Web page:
SAM Hidalgo-Clyne is one of many talented young players emerging in Scottish rugby, but supporters across the land may be forgiven for wondering who he is.
In days past, no youngster with the ability to become an internationalist could make it to the age of 20 without being well known in our relatively small rugby community, but it is common now as Scottish rugby continues to wrestle with a problem hampering the development of talent.
It is essentially this: How to best develop players’ physical ability and basic skills for the significant step-up to professional rugby while ensuring they benefit from the most important aspect of sport, the opportunity to perform every week.
So, Edinburgh scrum-half Hidalgo-Clyne was on the bench for Heriot’s on Saturday in the RBS Premiership. Late on Friday night, after Edinburgh had beaten Newcastle in a pre-season friendly but been forced to withdraw Greig Laidlaw with an injury, Heriot’s were informed that Hidalgo-Clyne was no longer available.
Fair enough, as Edinburgh were concerned about cover. Hidalgo-Clyne started the season as sixth-choice scrum-half at the pro club but, with injuries to Grayson Hart, Chris Leck and now Laidlaw, and the youngster seemingly overtaking the older Alex Black in the pecking order, he is now in line to be on Edinburgh’s bench for the opening RaboDirect PRO12 match against Munster on Saturday.
But, might he not have been better served with game-time on Saturday? He was only lined up for the second-half. Instead of taking the risk that he might be injured in those 40 minutes against Gala, Edinburgh may this weekend need to rely on a player “fresh” from a three-month summer of training without competitive rugby. Edinburgh’s new coach, Alan Solomons, sees a bright future for Hidalgo-Clyne, so he may be a lucky one, but he is still learning the game and needs regular weekly game time to realise his potential.
Scottish football has a similar problem. Rangers and Celtic continue to hoover up much of the best young teenage talent across the country, even with Rangers out of the SPFL. Many youngsters are just delighted to be on their books. Others with a bit more savvy will ask what their prospects are at clubs with relatively big cheque books and where foreign signings are regular.
They are often told: “It’s up to you, son. If you have the ability, attitude and ambition you can push through and claim your place in the first team in time, but if you lack the ambition to try, well…”
So they take up the challenge. Yet, it is not a level playing field. Scottish youngsters strive to prove themselves in youth or reserve games, where the quality is not as high as the SPFL, never mind that of teams they face in Europe, and, when handed an opportunity in the first team, are effectively sprinting to get up to pace, while trying to show the composure vital to perform at that level.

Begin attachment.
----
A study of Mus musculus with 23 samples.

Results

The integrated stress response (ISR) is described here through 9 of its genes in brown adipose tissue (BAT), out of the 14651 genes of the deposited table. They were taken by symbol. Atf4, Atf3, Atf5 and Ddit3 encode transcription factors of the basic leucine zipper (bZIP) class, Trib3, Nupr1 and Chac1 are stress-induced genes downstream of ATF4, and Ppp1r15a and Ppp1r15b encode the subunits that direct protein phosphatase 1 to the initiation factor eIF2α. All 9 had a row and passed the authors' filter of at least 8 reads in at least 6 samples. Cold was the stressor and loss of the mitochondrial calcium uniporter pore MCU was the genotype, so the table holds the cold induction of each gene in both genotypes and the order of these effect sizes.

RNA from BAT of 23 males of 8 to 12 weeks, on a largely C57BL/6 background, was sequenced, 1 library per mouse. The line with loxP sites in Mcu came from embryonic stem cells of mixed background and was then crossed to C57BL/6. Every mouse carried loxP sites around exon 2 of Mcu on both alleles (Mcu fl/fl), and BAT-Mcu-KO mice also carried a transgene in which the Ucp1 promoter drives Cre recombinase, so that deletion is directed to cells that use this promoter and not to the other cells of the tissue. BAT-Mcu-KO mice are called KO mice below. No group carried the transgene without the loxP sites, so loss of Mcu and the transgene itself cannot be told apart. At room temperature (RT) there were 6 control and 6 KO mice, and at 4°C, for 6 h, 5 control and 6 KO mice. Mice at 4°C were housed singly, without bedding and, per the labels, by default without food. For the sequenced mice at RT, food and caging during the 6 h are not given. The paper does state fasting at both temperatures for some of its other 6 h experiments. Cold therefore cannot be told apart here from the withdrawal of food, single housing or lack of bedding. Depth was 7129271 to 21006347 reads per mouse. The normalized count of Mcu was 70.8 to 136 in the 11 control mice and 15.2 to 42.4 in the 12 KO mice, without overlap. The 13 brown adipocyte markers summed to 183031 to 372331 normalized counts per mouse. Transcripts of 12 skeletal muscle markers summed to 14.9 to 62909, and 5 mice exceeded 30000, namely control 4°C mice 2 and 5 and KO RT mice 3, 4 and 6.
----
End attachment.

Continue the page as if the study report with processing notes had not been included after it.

Celtic striker Tony Watt proved that he could in the SPFL and Champions League, yet is now out on loan in Belgium. That may help him get game-time at a decent level, so could be a positive move by Neil Lennon, but history suggests that the next time we see him will not be scoring goals for Celtic but being plucked from an England League One or Two side by a Scotland manager.
There are various reasons players do not realise early potential but, when Sportscotland Institute of Sport research reveals that close to 90 percent of Scotland’s youth standard-bearers fail to make headway in senior sport, we are duty bound to question our development pathways. In football and rugby, coaches/managers at full Scotland level share their frustration at having to school players aged 23 and 24 and older in basic skills or game understanding days before an international match. A mistake here and there, and under-pressure bosses invariably look elsewhere for a quick fix.
At club level, that means another overseas signing. He may ultimately never be as good as the young Scottish kid might, given proper development time, but this week is closer to the finished article and ‘can do a job’. The Scot, meanwhile, slips down a rung, being told ‘show us you deserve to be up there’.
Show us? Where, when not allowed to play?
Lessons to be learned from Chalmers’ case
We now understand that Melrose teenager Sam Chalmers pled guilty at last week’s IRB hearing and has been suspended for testing positive for a banned substance. Questions were inevitable over what that substance was and how it got there, but the more pertinent query is “why?”
Why did a 19-year-old with diabetes find himself trying to increase his weight to an unnatural level with such huge calorie intake that it played with his health? The answer is because he was told, often, by leading coaches in Scottish rugby that while he was a skilful player, with a good rugby brain, he was not physically big enough to make a career in the game.
Linked to the above comments, that is because young Scots are vying for pro contracts with overseas signings from the southern hemisphere, most of whose body shapes tend to be bigger.
There is no excuse for any player who takes banned substances nor one who fails to check what he is putting into his body, with the warnings and advice that exist in sport, but how many other players are being pressurised in this way? According to parents of several current age-grade internationalists, it is widespread. So who is in control when players, particularly young amateurs like Chalmers, are trying to pile on two to three stones more weight than their skeletons were designed for?
We hope that Chalmers’ experience provides a lesson for those in authority as much as it does for young players, and that he is able to come back from this and have a full and enjoyable rugby career, at whatever level that turns out to be.